Republic of Ireland Law
1. At the outset, you need to realise that the Constitutionally guaranteed right to fair procedures in decision-making in Ireland, as well as the Article 6 guarantee in the European Convention on Human Rights mandate a system for the manner in which decisions are made. However, they do not guarantee you that the decision will be taken the way you want and with the result you want. Accordingly, whilst the guarantee of fair procedures would be applicable to the employment promotion decision making, it only relates to the manner in which the decision was made. This means that parties must be interviewed and assessed before the decision is reached and the result, together with reasons must be communicated to the applications. However, it does not guarantee that within the interview, that specific questions will be asked in relation to one of the requirements laid down in the specification for the job. This is a matter for the discretion of the decision maker, as to how they reach their decision within the parameters laid down. There is no requirement that one of the specifications for the person concerned should be elevated to a compulsory decision making quality or tie breaker. The law will not strike down a decision reached which did not give the weight you want to one specification laid down in the job specification which was your strong point and which the person who got the job was weaker in. I regret to say that this is the view the law takes. The courts do not second guess decisions reached. They only look to see if the decision maker followed certain procedures in making the decision. The courts do not re-make the decision.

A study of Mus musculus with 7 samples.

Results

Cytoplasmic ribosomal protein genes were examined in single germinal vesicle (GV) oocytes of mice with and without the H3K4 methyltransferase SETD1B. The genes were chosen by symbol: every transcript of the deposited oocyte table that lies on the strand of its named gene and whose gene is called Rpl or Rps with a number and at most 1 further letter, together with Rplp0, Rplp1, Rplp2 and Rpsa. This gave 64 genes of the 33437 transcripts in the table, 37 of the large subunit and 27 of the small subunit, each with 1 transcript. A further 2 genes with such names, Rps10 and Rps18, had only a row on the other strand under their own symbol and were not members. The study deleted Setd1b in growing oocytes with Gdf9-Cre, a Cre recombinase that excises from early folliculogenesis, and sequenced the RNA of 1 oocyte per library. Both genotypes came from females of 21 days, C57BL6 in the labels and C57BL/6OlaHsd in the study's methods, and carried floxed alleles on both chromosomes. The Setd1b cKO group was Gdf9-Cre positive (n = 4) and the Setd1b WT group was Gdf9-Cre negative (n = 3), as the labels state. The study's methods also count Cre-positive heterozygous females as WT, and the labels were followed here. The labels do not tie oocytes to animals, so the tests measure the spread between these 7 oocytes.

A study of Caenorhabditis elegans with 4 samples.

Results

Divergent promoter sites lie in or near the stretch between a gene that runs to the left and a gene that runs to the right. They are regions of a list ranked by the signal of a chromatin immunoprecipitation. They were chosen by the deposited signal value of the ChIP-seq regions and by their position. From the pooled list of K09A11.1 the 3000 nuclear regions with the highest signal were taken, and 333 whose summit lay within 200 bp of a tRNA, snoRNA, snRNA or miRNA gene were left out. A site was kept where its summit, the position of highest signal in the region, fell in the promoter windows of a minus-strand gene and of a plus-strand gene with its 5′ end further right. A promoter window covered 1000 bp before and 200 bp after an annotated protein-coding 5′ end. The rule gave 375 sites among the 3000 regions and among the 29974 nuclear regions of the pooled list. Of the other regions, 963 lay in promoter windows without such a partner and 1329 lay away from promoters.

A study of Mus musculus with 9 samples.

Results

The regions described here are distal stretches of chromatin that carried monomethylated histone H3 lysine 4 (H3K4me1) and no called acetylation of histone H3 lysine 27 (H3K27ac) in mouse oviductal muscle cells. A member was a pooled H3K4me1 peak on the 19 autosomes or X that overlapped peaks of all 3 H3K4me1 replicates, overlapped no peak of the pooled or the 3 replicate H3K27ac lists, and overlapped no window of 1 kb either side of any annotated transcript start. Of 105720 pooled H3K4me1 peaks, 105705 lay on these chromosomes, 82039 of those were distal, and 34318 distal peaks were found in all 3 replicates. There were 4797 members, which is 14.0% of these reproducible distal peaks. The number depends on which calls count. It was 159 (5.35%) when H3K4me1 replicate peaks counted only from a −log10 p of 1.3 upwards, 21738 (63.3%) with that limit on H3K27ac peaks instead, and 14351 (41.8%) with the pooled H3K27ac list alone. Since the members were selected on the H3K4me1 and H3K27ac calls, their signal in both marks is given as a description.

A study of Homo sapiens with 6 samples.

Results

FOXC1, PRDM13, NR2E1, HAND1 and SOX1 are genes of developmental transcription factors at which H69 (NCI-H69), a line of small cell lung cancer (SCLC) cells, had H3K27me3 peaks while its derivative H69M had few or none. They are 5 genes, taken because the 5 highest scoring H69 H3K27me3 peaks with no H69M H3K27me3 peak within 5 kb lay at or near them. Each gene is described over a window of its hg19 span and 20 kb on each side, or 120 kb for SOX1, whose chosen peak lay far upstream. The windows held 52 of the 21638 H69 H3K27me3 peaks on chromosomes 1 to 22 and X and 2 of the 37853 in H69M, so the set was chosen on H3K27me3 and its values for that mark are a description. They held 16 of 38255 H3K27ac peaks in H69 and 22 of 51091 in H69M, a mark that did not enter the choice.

Thanks for that advice. So if I was to challenge on procedural grounds, the choice of criteria in itself would not present a legal challenge. If the criteria were set following receipt of the applications (so once the panel had knowledge of who the candidates were) would that matter?
Also, during the interview I was specifically asked "How would I feel about managing older, more mature managers?" At the time I was taken aback by the question as I thought it inappropriate. Is this grounds for discrimination?
Finally, from your response my understanding it that whilst it is good practice, there is no legal requirement for selection criteria to examine all essential requirements for the job? So the idea "essential" requirements in a person spec has no standing in law? It is perfectly legal for an employer to give a promotion to someone who objectively does not have one essential requirement over someone who meets all the requirements on the basis that they may offer additional experience in some of the other requirements. So exceeding requirements in other areas is allowed to make up for not having it in another.
2. Criteria have to be set in advance. Not after receipt of applications. What occurred in your situation is known as "shifting the goalposts" and is a valid ground for review as this type of behaviour infringes the law of fair procedures.
3. The Question about managing older, more mature managers is not necessarily outlawed. Whilst it is undoubtedly ageist, you would have to have some entry in your reasons for non-acceptance which related to this which showed it formed some basis for discrimination. The question itself would not get your over the line in legal terms.
4. At the outset, the requirements in a candidate specification forms, as you were, the pitch within which the selection should take place. But as with a field of play in a soccer match, there is no requirement that every blade of grass should be covered or that any part of the field of play is mandatory. Courts will not enter onto the field of play and rule something unlawful merely because one criteria has not been filled. The law reports contain many examples of this not occurring. I regret I cannot give you a different answer on this point, but this is how the law operates.